You might assume that the additional gas tax you started paying in July — 7 cents a gallon now, 4.9 cents a gallon next summer — is helping to support bus service in your community.
It’s a logical assumption, but aside from some limited funds from state and federal grants, Community Transit, like other transit agencies, gets about 70 percent of its funding from its cut of the sales tax. The rest comes from customer fares, grants and advertising.
So while the gas tax is paying for the $16.1 billion in desperately needed highway and other transportation projects in the state, including $670 million in Snohomish County, Community Transit and other transit agencies also need to make investments to expand their services as our population and job base grows.
With the sales tax as its main source of revenue, Community Transit is coming to the voters to seek an increase in that tax to help fund new routes and additional service county residents will need.
A measure on the Nov. 3 general election ballot seeks a three-tenths of a cent increase to the sales tax for its service area, which includes Snohomish County regions not served by Everett Transit. The increase would amount to 3 additional cents on a $10 taxable purchase, or about $33 more a year for the average adult.
This would be the first increase sought by Community Transit since 2001, after the Legislature drastically cut revenue received from the Motor Vehicle Excise Tax and left transit agencies to rely on sales tax revenue.
What the increase will provide is significant and will be noticed quickly by commuters.
With approval of the tax increase, Community Transit plans to:
Increase service on many existing routes as early as March of next year and expand service on other routes in September after gathering comments from riders and the community.
Add new routes, including a possible route along Highway 9 that would serve Marysville, Lake Stevens, Snohomish and McCollum Park, south of Silver Lake. Further expansion would follow after Community Transit orders new buses, such as its popular Double Talls, in 2017 and 2018.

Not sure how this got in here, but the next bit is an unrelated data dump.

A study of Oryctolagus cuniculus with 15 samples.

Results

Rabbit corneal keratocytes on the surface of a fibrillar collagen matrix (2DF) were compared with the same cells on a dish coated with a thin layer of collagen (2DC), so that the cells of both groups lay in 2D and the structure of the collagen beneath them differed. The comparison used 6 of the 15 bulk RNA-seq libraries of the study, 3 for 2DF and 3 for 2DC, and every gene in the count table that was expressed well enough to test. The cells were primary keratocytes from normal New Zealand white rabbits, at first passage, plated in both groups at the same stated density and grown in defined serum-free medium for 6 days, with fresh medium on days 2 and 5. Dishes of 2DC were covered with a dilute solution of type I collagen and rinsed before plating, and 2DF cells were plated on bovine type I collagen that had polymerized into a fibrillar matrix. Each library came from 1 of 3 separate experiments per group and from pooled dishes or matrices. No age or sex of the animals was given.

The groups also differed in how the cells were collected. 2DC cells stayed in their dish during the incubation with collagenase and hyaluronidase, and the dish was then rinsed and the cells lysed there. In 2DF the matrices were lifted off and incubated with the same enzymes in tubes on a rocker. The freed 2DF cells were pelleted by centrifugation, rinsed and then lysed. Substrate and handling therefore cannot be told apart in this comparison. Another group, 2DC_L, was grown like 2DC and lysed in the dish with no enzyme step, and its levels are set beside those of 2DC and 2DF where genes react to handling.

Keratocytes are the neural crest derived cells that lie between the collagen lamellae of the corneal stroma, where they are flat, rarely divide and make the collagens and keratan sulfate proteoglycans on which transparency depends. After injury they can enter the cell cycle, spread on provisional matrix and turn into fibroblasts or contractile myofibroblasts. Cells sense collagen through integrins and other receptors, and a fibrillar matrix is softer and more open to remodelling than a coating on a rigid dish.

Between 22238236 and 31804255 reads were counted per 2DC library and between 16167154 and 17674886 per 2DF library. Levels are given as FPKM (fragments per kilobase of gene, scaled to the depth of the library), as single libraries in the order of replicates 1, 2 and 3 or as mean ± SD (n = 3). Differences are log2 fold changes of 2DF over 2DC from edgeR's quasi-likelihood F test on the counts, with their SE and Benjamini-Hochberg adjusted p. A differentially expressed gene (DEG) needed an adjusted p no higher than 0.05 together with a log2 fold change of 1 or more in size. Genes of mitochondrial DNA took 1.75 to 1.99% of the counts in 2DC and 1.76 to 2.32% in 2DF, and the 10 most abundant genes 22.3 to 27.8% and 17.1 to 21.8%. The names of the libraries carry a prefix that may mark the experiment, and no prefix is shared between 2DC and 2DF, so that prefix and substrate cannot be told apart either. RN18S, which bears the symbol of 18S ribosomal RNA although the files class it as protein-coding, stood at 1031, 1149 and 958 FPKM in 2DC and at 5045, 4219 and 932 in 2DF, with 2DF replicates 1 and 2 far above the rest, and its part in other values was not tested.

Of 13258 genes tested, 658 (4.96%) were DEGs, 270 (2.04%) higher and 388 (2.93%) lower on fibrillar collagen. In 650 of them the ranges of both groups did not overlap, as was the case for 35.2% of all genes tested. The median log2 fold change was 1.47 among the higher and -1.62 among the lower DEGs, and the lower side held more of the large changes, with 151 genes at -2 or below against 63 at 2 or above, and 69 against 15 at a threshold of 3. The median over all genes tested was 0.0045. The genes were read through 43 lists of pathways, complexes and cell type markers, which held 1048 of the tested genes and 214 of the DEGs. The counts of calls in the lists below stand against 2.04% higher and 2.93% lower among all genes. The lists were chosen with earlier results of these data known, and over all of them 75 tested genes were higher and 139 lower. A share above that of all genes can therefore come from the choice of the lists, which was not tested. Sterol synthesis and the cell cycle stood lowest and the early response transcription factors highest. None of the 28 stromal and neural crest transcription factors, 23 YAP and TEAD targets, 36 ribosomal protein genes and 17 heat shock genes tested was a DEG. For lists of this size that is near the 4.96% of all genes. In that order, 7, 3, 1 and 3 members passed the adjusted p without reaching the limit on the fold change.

Expand hours and service for its DART and paratransit services.
Add a second Swift Bus Rapid Transit line between the major employment centers of Everett’s Paine Field and Bothell’s Canyon Park, a route along Airport Road, 128th Street SE and Highway 527 that is dense with residential developments and businesses. Aided by $50 million in federal and state grants the second Swift bus line could be in operation by fall 2018.
Further into the future, a third Swift bus line could be added to serve Sound Transit’s Link light rail station in Lynwood when that is complete in 2023.
The need for additional transit services in Snohomish County is only going to increase. Between now and 2040, Snohomish County’s population is projected to grow from its current level of 750,000 to 955,000. Some projections put the county’s total population at 1.16 million. Likewise, employment is expected to increase during the same period by 130,000 new jobs. A second Swift bus line should ease commutes not only for bus riders but for other drivers on that route as more commuters take the bus.
Not that it had a choice in the matter, but relying on sales tax for revenue is not ideal, as Community Transit experienced during the recession when shoppers cut their spending and revenue from the sales tax dropped. The loss in revenue forced Community Transit to make difficult cuts to its service. But as the economy and revenues have rebounded, Community Transit has taken the opportunity to reexamine its routes and add service where and when it’s needed most.
Community Transit has planned carefully for the expansion that the sales tax increase would provide, and it deserves the support of voters.